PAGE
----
A last will and testament is just one document that may govern the disposition of property after your death. Many married couples sign a prenuptial (or antenuptial) agreement that can also affect estate planning. For example, spouses may agree to waive any future claim on each other’s estate. This may be useful in cases where a spouse wants to leave part of his or her estate to children from a prior marriage.
But if documents are poorly or incompletely drafted, legal confusion may frustrate your objectives. A recent decision by an appeals court in Mississippi illustrates what can go wrong when a will says one thing, but other documents say something else.
Dixon v. Jones
Johnnie Lee Jones married Annie Ruth Jones in 1997. Johnnie Lee Jones owned a home in Jackson, Mississippi, and had a daughter from a prior relationship, Bonnie Dixon. Jones and his new bride signed a prenuptial agreement acknowledging that upon Johnnie Lee’s death, his Jackson home would go to Dixon.
One year later, however, Jones signed a last will and testament. The will provided Annie Jones with a life estate in the Jackson home. That meant she could continue to live there after his death until her death, at which time the property would go to Johnnie Lee Jones’ sister, not his daughter. The will contained a standard clause revoking “any and all previous wills and/or testaments.”
Seven years after signing the will, Jones apparently changed his mind again about the house. He signed a quitclaim deed transferring the Jackson property to himself and Dixon as “joint tenants with rights of survivorship,” meaning Dixon would own the property outright upon her father’s death.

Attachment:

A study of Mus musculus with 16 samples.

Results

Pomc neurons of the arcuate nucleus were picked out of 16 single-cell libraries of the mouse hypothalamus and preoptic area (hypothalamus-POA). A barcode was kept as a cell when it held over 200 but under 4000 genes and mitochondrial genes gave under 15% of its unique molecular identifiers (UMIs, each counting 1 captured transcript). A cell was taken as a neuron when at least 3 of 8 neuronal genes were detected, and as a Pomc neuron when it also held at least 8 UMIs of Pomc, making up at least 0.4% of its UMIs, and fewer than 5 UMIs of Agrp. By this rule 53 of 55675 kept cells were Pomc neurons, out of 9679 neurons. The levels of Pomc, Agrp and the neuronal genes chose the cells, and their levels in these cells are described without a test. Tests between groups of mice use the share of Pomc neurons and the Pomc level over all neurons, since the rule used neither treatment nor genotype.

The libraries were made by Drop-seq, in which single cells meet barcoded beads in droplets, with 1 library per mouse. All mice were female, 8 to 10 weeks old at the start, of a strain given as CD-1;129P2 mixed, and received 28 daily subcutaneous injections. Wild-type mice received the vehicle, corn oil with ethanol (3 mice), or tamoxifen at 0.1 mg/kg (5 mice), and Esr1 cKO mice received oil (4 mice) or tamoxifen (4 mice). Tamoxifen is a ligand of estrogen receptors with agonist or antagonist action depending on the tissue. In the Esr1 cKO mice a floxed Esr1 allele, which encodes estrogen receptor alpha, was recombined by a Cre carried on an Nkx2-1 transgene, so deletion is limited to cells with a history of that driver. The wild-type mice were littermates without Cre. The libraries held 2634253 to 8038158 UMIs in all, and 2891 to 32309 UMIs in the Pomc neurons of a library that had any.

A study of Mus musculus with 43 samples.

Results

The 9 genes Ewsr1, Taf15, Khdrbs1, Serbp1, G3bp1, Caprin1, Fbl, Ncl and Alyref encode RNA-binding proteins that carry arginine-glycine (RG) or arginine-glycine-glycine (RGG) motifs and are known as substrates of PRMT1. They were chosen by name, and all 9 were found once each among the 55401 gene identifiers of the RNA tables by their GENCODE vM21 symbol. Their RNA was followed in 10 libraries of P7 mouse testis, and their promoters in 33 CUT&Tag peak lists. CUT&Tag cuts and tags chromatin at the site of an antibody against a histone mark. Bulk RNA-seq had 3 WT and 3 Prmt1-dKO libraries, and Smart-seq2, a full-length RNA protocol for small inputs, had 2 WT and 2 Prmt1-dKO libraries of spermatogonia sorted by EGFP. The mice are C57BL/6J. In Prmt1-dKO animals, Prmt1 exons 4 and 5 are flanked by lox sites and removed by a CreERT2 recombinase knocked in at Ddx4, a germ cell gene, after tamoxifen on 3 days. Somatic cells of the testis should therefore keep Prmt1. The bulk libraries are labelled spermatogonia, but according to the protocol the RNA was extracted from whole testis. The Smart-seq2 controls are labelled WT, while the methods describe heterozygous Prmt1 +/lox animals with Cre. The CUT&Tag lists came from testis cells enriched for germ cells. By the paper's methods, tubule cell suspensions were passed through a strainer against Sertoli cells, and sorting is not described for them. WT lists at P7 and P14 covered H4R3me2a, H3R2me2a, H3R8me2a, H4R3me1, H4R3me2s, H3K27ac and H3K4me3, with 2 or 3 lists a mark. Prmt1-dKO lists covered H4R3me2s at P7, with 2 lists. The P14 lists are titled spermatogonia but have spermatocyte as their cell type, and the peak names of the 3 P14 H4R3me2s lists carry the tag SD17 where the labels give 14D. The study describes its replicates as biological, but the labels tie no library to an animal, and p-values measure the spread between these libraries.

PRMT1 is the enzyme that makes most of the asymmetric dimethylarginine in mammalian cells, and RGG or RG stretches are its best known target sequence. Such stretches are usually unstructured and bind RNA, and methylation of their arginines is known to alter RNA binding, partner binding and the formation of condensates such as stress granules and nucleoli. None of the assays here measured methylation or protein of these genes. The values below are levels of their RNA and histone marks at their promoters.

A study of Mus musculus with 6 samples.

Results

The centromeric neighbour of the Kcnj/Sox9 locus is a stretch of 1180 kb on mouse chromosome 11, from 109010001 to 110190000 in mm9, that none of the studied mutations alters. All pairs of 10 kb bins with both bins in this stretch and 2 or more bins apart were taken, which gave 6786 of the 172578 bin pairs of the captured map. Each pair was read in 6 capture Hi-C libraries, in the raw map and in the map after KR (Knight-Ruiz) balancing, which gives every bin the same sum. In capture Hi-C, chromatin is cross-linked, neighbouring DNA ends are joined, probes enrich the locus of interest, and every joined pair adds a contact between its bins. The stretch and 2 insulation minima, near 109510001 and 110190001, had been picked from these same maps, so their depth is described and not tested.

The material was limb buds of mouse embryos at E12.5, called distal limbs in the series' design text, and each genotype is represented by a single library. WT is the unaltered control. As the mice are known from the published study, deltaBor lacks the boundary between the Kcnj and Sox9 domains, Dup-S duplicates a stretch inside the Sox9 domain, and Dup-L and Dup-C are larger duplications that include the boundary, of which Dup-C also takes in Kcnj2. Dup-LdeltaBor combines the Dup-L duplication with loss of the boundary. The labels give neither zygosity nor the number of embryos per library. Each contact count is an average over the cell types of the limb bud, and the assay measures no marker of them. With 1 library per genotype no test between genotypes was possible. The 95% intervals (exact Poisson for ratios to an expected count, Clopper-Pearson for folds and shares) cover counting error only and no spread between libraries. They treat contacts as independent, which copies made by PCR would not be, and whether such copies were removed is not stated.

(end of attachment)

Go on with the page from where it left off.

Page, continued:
Jones died in 2011. Given the contradictory documents signed by Jones during his lifetime, it was no surprise when his widow and daughter went to court to settle ownership of the Jackson property. Anne Jones cited the 1998 will. Dixon cited the 1997 prenuptial agreement and the 2005 quitclaim deed. A Mississippi probate judge ultimately ruled for Mrs. Jones, and the state’s court of appeals agreed with that decision.
As far as the Mississippi courts were concerned, the will overruled the prenuptial agreement, which it deemed a “testament” revoked by Jones. It did not matter that Anne Jones signed the agreement waiving her rights to the property. As for the quitclaim deed, it was not legal under Mississippi law. While Johnnie Lee Jones signed the deed, his wife did not. Even though she did not own the property, her signature was still required because of how Mississippi determines whether property enjoys a homestead exemption from local taxes. Since the deed was invalid, the will still governed the disposition of the property.
Avoiding Future Conflicts
Every state has its own laws governing probate and real property, so the Mississippi case does not provide a road map for how to handle this type of situation in California. Nevertheless, the lesson here is applicable regardless of jurisdiction. If you decide to make significant changes in the disposition of your property, it is important you work with an experienced California estate planning attorney who can help you avoid the type of conflicts that could end up thwarting your intentions. Contact the Law Office of Scott C. Soady in San Diego today if you have any questions.